Former Federal Prosecutors Identify Several Flaws In Trump DOJ Indictment


OPINION: This article may contain commentary which reflects the author's opinion.

A pair of former federal prosecutors have identified a number of flaws in the 49-page indictment against former President Donald Trump they suggest will work in his favor if the case goes to trial.

Former DOJ Deputy Assistant Attorney General Victoria Toensing and former U.S. Attorney for the District of Columbia Joe diGenova noted that all the allegations are problematic for Trump if they are true, but that doesn’t mean the case is rock-solid.

As reported by Newsmax, “Trump on Thursday was indicted, accused, among other things, of mishandling classified documents at his Florida estate. The prosecution marks the first time in U.S. history that a former president faces criminal charges by the federal government he once oversaw. He faces the possibility of prison if convicted.”

Toensing said Friday during an appearance on Newsmax’s “Chris Salcedo Show,” “The allegations are rather problematic for the president if they are true.”

“We all know Trump can be kind of undisciplined; that said, the problem here is the abuse of discretion. That conduct is not wrought in any way to pursue a former president of the United States and perhaps a future president of the United States,” she noted.


“I want to tell [special counsel] Jack Smith there are two systems of justice because I could have in 2017 gone to the Justice Department and pursued an investigation into Hillary Clinton and found as damning statements about why she eliminated 30,000 emails, why she kept an unsecured server in her basement and why she beat her phone up with a hammer. I could have brought just as damning an indictment,” she added.

DiGenova, meanwhile, told Newsmax he was very disappointed with lawyers “on both sides of this case,” adding that Trump’s new legal team should “file a series of motions in front of the court about prosecutorial misconduct, the illegality of the underlying charges and all the things you need to file in a case like this because jury selection in Florida is going to be a lot better for the president than it would have been in the District of Columbia.”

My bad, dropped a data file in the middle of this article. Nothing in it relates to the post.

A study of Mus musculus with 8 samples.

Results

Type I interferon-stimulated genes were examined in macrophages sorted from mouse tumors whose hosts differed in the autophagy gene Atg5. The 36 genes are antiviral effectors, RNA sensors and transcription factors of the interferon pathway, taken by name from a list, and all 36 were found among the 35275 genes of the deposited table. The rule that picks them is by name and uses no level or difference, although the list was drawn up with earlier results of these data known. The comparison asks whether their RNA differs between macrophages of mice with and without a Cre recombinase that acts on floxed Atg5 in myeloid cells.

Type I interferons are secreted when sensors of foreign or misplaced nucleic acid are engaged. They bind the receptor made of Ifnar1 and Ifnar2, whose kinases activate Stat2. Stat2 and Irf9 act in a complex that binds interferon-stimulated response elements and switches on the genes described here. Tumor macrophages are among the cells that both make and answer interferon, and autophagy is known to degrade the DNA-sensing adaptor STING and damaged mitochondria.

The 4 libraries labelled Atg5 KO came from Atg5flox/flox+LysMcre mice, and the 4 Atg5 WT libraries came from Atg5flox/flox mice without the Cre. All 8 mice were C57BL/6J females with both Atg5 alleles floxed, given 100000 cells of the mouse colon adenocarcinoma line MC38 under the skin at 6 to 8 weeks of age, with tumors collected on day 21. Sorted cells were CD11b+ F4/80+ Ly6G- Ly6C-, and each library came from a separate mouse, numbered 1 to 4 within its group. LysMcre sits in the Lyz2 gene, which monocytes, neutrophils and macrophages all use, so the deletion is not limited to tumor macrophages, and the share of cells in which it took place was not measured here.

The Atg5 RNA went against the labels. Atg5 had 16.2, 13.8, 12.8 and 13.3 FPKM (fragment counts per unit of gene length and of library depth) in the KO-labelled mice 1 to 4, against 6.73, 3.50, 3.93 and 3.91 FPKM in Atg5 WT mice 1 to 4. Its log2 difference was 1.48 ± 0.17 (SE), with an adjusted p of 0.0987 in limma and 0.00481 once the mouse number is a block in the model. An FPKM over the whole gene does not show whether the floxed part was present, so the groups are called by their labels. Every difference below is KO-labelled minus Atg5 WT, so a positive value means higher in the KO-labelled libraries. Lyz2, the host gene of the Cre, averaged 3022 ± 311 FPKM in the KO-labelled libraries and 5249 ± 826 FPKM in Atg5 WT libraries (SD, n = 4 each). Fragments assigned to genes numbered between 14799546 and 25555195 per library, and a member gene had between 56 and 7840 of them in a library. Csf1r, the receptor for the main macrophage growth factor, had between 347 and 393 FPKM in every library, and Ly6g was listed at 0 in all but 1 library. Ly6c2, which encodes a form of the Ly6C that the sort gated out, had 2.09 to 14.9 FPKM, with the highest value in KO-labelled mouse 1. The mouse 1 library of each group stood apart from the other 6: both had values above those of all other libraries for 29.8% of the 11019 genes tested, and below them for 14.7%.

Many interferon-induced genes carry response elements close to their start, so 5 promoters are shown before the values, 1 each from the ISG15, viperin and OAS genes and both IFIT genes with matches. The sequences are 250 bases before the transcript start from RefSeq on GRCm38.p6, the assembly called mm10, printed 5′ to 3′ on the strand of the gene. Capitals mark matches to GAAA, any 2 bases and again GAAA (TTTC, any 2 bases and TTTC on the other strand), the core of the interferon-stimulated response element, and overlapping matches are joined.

Another former top Justice Department official who served during the Trump administration has found at least one fatal flaw with the indictment, should the federal judge in the case decide to consider it.

Jeffrey Clark, who served as an assistant attorney general in the Trump administration, said on Friday after reading through the indictment that there is something on page three that is troubling for the prosecution.

According to the indictment, Trump allegedly showed classified documents to a number of people who did not have the proper security clearances on at least two separate occasions. The DOJ alleges that both instances took place at Trump’s golf club in Bedminster, N.J.


Details regarding one of the alleged instances were leaked to CNN.

The network reported on June 2 that federal prosecutors had “obtained an audio recording of a summer 2021 meeting in which former President Donald Trump acknowledges he held onto a classified Pentagon document about a potential attack on Iran, multiple sources told CNN, undercutting his argument that he declassified everything.”

Naturally, the network did not reveal its source for the leak.

On Friday, Clark noted on Twitter that the leak to the media is grounds for having the case thrown out.

“I’m beginning to read the indictment against Trump,” he wrote. “But even three pages in, it’s clear that the leaks that preceded the indictment are far too close to what is actually being pleaded by DOJ to be a coincidence.”

“For example, in paragraph 6a on page 3, we hear about the recording of the Bedminster call, which the MSNBC’s of the world have been beating a dead horse about for quite a while based on such leaks. This means that Trump lawyers could not possibly be the source of the leaks,” Clark continued.

“Ergo, the leaks are coming from DOJ,” he said. “They must be investigated and punished. Also, this is grounds for granting a motion highlighting jury pool poisoning and dismissing the indictment before it reaches even its one-month birthday.”